Conference tip #3: DON'T BE A STALKER Part 1 and Part 2

There are some people in publishing so well known to us online or through reputation that they are rock stars at conferences. I'm pretty sure Nathan Bransford and Kristin Nelson have wigs and fake noses in their laptop bags--how else to get through the madding crowd? I sat at the same table with Arthur Levine for dinner after a conference and he asked to look at my book. He touched it! This was like nirvana for me. I told my own editor about Mr. Levine's and my little exchange and she reacted the same way I did!

It's exciting to recognize people in publishing, but it's important to remember that although you feel like you know them, you don't, and they don't know you.

Conference tip #3: DON'T BE A STALKER, part 1




Now I'll be the first to tell you if I saw Nathan Bransford walking down the conference hall, I'd probably go over to him and tell him how much I've enjoyed his blog and his thread on Absolute Write. I'd mention one or two specific things he's said that helped me and of course I'd ask for a picture with him for my blog!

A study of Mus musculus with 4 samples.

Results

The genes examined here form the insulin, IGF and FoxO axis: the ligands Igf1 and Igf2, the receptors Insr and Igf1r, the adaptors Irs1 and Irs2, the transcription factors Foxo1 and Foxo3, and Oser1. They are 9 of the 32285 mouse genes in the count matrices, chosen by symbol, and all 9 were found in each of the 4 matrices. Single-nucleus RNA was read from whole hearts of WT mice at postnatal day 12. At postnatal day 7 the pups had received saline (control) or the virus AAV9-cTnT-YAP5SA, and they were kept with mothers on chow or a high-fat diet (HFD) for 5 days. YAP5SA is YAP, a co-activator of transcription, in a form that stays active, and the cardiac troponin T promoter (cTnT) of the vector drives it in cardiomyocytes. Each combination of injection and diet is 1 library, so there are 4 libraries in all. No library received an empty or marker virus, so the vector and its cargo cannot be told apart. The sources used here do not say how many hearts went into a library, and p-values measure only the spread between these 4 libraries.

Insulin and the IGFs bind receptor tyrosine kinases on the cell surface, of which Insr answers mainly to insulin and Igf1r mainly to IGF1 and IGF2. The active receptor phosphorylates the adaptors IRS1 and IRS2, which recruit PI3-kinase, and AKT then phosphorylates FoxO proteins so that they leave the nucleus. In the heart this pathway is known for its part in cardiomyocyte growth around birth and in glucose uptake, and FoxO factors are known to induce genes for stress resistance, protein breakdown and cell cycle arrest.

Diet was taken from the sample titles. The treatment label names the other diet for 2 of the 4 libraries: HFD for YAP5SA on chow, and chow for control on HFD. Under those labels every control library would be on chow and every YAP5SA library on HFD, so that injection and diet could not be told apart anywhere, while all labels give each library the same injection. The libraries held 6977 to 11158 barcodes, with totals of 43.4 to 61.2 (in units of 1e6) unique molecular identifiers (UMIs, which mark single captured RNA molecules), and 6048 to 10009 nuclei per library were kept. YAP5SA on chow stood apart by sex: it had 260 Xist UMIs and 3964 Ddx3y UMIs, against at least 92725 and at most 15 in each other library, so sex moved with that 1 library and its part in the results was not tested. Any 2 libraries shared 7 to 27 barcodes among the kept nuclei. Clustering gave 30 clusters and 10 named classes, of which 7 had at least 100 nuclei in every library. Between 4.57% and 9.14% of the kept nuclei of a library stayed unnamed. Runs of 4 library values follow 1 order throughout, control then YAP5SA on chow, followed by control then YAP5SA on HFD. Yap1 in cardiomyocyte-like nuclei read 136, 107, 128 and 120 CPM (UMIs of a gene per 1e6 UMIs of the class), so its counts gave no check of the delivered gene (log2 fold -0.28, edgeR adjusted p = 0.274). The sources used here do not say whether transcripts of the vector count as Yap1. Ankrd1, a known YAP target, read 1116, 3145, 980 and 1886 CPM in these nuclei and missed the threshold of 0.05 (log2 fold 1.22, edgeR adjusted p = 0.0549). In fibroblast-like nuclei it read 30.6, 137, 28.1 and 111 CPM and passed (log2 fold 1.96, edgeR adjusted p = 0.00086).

But that's different from waiting for him to emerge from the men's room, following him, cornering him (haha! I've captured my prey!), and saying, "Hey, I know you used to be an agent. I write X. Who in your former agency should I send it to?" That's just using people. And you can't disguise this kind of opportunist. "Hey, I read your blog. Can you read my manuscript?" WRONG! WRONG! WRONG!

Conference tip #3: DON'T BE A STALKER, part2




Don't reduce people at the conference to your means to getting published.

Now all that said, if you should be eating lunch and suddenly discover you're sitting next to a BIG NAME IN PUBLISHING, it's perfectly fine to introduce yourself and enter into small talk. If BIG NAME asks you what you're working on, WOW! YES! go ahead and talk about it--but briefly--key word--BRIEFLY. Return the favor--what are they working on? What was the last book  they read and loved? How do they like the city you're in and have they had time for sight seeing? Basically, treat them like another person, because that's what they are.

Good luck, conference goers!

2 comments:

Charles Gramlich said...

Yeah, that would be bad.

Kim Kasch said...

My problem is just the opposite. I'm afraid of making people feel uncomfortable - until I'm on the computer. Mwha-ha-ha!